Kellie-Anne Levitski deceased, inquest finds

Kellie-Anne Levitski

Kellie-Anne Levitski


Deputy State Coroner Magistrate Teresa O’Sullivan handed down her findings at Bega Court House on Friday, July 27, after a four-day inquest that called upon police, witnesses and members of the Levitski family to give evidence on the case. 

When Ms Levitski was 38, she disappeared from her father’s property on Mount Darragh Rd on the night of Sunday, March 30, 2014. 

Magistrate O’Sullivan said that night, Ms Levitski had told her father she was going to read a book or listen to music in her caravan. The next morning, when her father approached her caravan he found she was not there and her disappearance was reported to the police. 

Later on March 31, police searched the caravan and found Ms Levitski’s phone, medication, wallet, bank cards and cigarettes, and over the next year they conducted multiple searches in the Mount Darragh area but did not find any evidence of where she had gone. 

Before the inquest began, police conducted “signs of life checks”, which showed she had not accessed her bank accounts, Medicare or any other government service. Three reported sightings of her by witnesses could not be confirmed. 

Magistrate O’Sullivan said as a teenager Ms Levitski wanted to become a pilot and began taking lessons, but was unable to finish them. In her late teens the missing woman began experimenting with drugs, developed mental health problems and since about 1998 had had an “ongoing interaction” with mental health services. 

The magistrate said before Ms Levitski went missing, she had “frequent admissions to hospitals” and was taking a number of medications due to “serious physical and mental ill health”. She had relied on the support of her family and friends to function in the community and without this support it was “very unlikely that Kellie would have been able to survive for more than days or perhaps weeks”.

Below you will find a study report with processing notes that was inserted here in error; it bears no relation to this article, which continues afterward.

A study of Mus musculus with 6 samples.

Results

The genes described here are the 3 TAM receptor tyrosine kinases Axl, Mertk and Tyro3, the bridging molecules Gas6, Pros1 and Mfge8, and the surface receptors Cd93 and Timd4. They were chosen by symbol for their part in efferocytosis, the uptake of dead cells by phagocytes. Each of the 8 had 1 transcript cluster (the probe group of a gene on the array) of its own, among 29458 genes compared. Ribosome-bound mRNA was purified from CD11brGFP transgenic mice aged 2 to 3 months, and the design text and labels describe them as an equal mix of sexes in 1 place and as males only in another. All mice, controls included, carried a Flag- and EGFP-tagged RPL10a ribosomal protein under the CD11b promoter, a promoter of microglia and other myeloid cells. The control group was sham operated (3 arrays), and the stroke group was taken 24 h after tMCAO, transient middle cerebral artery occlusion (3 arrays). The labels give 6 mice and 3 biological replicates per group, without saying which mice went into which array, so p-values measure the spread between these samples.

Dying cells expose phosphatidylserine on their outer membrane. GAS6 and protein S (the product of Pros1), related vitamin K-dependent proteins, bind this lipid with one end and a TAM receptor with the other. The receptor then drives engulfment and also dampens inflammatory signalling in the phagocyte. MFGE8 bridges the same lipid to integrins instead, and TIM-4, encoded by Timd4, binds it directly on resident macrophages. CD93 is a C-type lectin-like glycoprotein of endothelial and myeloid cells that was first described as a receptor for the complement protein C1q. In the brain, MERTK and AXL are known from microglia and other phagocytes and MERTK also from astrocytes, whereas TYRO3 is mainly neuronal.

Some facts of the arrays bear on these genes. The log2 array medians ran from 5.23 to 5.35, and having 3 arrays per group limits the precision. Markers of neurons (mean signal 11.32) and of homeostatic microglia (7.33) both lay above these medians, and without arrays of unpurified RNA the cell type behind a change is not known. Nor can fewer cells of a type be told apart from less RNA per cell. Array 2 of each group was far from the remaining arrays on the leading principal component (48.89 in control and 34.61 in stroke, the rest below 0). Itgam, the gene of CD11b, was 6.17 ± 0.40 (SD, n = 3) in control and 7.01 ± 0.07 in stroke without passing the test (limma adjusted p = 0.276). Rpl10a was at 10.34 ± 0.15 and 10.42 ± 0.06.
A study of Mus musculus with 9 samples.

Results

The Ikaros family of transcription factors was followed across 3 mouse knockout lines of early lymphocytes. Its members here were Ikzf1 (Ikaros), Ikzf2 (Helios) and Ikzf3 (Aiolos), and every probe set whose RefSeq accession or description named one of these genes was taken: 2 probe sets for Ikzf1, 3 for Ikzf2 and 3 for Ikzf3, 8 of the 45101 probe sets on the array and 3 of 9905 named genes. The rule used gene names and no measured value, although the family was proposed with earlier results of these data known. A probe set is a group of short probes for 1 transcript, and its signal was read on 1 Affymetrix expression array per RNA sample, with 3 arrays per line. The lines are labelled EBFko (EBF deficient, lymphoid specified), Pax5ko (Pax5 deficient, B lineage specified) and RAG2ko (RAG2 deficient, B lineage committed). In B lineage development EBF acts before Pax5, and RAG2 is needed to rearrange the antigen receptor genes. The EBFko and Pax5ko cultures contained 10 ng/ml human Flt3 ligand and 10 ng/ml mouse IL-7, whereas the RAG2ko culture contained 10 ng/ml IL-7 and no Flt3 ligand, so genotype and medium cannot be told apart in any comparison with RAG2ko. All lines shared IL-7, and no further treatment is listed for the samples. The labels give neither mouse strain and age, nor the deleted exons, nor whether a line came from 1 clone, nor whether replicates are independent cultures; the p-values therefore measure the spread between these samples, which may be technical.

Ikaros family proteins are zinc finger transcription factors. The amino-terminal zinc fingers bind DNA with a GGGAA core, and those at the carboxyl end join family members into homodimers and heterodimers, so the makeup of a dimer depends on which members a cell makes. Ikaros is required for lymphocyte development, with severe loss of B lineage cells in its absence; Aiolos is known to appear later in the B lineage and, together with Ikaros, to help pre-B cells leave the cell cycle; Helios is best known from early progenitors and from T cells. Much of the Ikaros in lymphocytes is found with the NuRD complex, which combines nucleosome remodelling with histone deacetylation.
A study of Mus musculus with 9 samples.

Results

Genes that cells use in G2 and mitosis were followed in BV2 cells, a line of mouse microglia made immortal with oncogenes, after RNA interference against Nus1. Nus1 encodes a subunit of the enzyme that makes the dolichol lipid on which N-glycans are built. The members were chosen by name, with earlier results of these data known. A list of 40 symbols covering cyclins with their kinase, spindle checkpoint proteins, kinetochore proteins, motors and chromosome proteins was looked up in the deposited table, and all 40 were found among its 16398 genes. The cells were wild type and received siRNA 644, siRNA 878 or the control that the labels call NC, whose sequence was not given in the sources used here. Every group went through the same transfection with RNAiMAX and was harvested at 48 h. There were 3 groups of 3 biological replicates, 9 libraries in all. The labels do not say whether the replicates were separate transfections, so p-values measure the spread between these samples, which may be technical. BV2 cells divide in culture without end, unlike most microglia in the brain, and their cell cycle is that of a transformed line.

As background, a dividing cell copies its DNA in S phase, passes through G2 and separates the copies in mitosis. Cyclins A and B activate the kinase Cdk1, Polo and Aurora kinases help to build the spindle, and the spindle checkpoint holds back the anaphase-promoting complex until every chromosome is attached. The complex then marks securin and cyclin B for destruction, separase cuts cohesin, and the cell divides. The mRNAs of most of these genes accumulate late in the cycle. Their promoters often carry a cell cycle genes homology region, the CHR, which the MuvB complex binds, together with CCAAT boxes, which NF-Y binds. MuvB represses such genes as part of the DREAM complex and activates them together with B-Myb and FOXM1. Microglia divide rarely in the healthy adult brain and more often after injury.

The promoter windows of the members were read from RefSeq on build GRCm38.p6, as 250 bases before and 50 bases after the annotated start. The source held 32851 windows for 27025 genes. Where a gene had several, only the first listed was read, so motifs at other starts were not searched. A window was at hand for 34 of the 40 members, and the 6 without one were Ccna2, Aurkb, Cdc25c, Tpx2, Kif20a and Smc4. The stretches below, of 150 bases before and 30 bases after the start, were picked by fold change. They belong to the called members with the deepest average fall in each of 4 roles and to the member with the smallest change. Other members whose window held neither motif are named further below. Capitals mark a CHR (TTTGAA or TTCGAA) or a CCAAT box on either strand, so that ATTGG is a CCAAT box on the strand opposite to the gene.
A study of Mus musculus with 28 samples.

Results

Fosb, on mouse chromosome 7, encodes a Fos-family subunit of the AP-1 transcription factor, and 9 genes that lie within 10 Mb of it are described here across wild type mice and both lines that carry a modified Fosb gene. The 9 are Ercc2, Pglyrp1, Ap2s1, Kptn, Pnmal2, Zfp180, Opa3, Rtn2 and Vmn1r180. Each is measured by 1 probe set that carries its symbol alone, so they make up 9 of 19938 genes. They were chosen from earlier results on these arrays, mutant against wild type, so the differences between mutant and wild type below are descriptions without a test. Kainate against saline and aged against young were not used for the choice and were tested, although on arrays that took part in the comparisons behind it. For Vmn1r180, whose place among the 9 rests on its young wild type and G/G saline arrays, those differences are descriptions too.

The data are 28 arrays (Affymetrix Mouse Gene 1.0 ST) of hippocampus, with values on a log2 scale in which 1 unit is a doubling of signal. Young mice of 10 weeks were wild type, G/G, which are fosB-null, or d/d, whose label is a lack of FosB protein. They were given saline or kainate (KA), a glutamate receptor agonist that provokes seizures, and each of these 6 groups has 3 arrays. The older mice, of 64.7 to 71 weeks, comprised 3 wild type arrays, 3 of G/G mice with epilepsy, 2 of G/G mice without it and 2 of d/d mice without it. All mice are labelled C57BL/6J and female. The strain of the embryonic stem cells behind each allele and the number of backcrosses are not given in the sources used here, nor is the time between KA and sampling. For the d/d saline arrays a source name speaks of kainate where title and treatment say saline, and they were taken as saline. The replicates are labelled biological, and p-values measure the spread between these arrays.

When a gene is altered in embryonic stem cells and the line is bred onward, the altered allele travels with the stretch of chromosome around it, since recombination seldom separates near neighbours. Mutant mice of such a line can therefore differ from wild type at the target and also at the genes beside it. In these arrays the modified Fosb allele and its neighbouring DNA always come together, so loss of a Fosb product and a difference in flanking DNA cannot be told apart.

Magistrate O’Sullivan said in order to find a person is deceased, the court needs “cogent, clear and exact evidence”. 

“The most compelling evidence is perhaps that of an absence of evidence rather than anything else,” she said. 

She noted Ms Levitski had not been seen by family or friends since the day she went missing. 

“Taking into account all of the evidence, I conclude on the balance of probabilities that Kellie is deceased,” Magistrate O’Sullivan said. 

She offered her “heartfelt condolences” to Ms Levitski’s family, who had sat through each day of the inquest.

“The uncertainty associated with the circumstances in which Kellie went missing has no doubt caused them a great deal of sorrow and anguish,” she said. 

“I hope that in the future, some evidence can be gathered to provide them with some information regarding what happened to her.” 

After the magistrate read her findings, Ms Levitski’s father John Levitski asked to say a few words to the court room.

He said he wanted to say a prayer for his daughter and hoped “she is with Jesus”. 

“I hope everybody here finds love in their heart and moves on, there’s nothing else you can do,” Mr Levitski said.

“I’d like to thank everybody here for such a professional job.” 

He thanked the Bega police for their work on the case and finished by reciting the Lord’s Prayer.